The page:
The First Minister is facing demands to pay back thousands of pounds of taxpayers' money spent trying to keep the public from knowing about legal advice on Scotland's place in the EU after a vote for independence.
Labour will use debating time at the Scottish Parliament to call for a £12,000 refund one week after Deputy First Minister Nicola Sturgeon revealed there was no legal advice in the first place.
The Scottish Government went to the Court of Session arguing that the code of conduct for ministers prevents disclosure of advice, including whether advice has been sought.
Speaking before the debate, Labour business manager Paul Martin said: "This was an obscene waste of money which only heightens the farce that the SNP has created over Scotland's future in the EU. If this had really been a point of principle as Alex Salmond claimed, then they would have continued with the case.
"The reality is this was a delaying tactic as they tried to hide their dishonesty. We believe that Alex Salmond and Nicola Sturgeon should pay this money back as a gesture of goodwill to the Scottish people they have deceived at our expense."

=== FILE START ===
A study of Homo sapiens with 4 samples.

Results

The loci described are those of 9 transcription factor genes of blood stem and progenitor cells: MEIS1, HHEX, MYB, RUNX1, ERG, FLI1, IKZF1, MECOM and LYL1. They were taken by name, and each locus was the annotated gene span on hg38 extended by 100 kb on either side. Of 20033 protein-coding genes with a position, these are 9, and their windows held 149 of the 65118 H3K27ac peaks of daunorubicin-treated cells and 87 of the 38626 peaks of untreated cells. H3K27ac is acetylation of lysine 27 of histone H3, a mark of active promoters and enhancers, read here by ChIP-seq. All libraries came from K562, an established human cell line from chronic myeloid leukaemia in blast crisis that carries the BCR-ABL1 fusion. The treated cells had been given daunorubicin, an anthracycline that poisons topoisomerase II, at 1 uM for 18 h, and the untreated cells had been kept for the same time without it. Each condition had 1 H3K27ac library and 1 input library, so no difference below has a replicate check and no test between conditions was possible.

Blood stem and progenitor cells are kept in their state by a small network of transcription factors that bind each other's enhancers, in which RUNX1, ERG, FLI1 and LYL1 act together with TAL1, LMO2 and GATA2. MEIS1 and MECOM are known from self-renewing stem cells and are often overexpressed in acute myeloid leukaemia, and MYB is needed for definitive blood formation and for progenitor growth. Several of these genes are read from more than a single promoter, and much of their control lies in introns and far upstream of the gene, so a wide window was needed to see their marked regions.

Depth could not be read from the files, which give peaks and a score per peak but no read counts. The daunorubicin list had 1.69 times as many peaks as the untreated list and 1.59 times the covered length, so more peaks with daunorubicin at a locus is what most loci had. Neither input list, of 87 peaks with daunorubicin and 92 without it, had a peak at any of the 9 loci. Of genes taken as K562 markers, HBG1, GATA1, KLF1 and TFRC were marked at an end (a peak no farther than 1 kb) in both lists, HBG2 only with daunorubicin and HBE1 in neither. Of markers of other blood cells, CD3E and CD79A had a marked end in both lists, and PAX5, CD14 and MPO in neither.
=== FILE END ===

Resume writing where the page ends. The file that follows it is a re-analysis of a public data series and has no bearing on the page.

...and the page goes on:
The SNP insists that Scotland will automatically be accepted into the EU, while opponents say it would have to reapply and lose the UK's existing rights and opt-outs.
Opposition politicians said the SNP's apparent confidence on continued EU entry created the impression that advice existed. They also pointed to comments made by Mr Salmond in an interview with the BBC's Andrew Neil where the First Minister appeared to suggest he had advice on the issue.
Liberal Democrat leader Willie Rennie said Sir Peter Housden, the head of the civil service in Scotland, should explain whether he thinks money has been well spent.
As principal accounting officer for the administration, Sir Peter should be responsible for efficient spending, according to Mr Rennie.
"Sir Peter needs to explain whether it was an appropriate use of public funds to defend in court legal advice that didn't exist," he said. "The SNP say their court battle with the Information Commissioner was about a point of principle. If that's the case, why have they dropped the court case? It's clear that they went to court to avoid the embarrassing fact that they had no advice. It's an expensive way to avoid a red face for the First Minister."